As I began my freshman year in high school, I was often asked a question: "What did I plan on doing with my life." For most freshman, the thought of college, jobs, and the rest of life seems like a future that can wait. Having not fully explored myself, and what I truly enjoyed, my go to answer became lawyer. Television shows like ABC's How to Get Away with Murder and Scandal did a great job of glamorizing the occupation, which made it seem like an interesting way to spend one's life. However, after a little more exploration, it soon became clear that the drama and danger portrayed within these shows misrepresented the actuality of the occupation.
For as long as I can remember, I have been enthralled with architecture and buildings. What started with an obsession with Legos, turned into a passion for architecture and design that I had since pushed away to focus on the idea of someday arguing in a court of law. However, around my junior year of high school, I began to really appreciate architecture and design after a trip to Amsterdam and London. The beauty of the historic castles, cathedrals, and other buildings sparked a rush of interest that has yet to die down. Finally, after talking about the future with my parents, it became clear that I should pursue a career in which it would feel like I never worked a day in my life.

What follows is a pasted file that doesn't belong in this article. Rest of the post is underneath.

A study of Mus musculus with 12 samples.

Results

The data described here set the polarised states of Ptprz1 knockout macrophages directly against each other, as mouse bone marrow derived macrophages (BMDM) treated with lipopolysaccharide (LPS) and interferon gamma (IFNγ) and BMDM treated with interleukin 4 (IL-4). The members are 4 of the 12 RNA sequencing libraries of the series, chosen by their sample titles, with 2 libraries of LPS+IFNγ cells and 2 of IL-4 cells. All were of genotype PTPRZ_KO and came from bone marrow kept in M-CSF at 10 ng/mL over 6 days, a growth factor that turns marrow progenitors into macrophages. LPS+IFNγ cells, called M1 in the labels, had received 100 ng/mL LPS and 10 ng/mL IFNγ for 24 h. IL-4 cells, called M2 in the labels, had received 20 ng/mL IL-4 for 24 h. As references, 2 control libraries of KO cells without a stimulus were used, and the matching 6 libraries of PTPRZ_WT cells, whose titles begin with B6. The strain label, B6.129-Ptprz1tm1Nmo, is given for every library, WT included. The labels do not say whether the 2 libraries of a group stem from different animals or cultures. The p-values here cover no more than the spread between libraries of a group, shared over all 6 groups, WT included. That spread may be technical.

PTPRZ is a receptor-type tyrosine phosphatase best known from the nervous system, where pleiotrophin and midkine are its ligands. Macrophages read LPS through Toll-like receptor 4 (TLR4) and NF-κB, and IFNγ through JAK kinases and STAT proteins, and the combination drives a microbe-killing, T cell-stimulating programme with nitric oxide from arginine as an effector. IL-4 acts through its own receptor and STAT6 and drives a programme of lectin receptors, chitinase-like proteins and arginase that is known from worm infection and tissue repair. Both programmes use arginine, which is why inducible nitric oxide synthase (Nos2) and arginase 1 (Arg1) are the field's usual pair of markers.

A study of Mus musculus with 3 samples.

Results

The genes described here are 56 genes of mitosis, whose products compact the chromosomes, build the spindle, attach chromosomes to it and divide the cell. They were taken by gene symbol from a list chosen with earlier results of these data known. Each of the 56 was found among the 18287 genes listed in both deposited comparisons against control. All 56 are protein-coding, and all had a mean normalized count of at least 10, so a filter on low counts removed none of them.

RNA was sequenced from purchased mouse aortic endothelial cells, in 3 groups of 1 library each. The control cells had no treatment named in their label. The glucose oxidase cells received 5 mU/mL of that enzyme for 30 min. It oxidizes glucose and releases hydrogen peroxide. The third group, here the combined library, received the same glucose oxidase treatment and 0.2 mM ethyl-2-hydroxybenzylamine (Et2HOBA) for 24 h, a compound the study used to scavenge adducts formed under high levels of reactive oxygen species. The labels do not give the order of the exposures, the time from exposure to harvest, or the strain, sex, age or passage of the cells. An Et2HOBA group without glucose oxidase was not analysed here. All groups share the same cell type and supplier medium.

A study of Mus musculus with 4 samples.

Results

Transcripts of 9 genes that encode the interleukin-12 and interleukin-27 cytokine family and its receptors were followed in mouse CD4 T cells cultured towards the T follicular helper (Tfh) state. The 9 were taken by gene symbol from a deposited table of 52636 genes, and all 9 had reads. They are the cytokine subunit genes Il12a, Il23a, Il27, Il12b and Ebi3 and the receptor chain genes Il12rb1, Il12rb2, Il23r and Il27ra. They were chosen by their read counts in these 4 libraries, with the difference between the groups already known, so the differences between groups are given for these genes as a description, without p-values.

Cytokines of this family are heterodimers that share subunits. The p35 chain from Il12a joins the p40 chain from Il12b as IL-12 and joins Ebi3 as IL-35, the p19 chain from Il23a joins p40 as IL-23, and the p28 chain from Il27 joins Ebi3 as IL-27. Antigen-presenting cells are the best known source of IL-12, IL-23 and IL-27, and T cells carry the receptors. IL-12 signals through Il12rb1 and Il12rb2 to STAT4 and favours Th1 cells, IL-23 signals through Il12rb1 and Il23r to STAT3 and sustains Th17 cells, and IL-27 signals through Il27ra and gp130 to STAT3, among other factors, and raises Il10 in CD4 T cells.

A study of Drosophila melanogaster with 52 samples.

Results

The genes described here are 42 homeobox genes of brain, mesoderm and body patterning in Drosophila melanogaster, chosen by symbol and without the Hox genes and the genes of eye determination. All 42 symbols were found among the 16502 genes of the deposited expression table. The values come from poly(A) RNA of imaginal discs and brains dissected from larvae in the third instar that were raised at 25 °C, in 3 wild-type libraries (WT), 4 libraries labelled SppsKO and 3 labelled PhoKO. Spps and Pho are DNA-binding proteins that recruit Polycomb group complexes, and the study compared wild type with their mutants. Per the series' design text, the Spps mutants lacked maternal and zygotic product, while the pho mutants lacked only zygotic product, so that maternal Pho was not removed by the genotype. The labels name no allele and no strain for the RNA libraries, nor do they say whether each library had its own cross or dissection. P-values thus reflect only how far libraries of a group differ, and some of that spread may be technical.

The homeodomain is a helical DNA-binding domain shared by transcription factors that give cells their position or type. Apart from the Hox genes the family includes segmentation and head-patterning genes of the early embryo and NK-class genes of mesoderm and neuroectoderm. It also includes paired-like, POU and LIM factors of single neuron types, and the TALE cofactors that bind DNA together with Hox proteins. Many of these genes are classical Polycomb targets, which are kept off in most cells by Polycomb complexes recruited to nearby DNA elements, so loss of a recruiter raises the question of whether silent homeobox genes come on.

This year, I was able to secure an internship here, at KFW Architects, which has given me a unique look into the world of architecture. When I began, I was surprised to learn that an architect does not just draw up what a building should look like and erect it. The extensive amount of time and effort that is put into each and every project has shown me a new appreciation for the structures, and those designing them. Additionally, being able to work on design programs like Revit and SketchUp, as well as on specifications and field reports has not only given me a more in depth look at the career, but also given me some valuable skills that I will be able to use at Texas Tech's College of Architecture this fall.
In conclusion, the future can be a stressful topic for high school students, and I am grateful to have found my passion in Architecture. Yes, it is possible that my major could change ten times in college before I find what I want to do, but I am hopeful that I will find a life in architecture.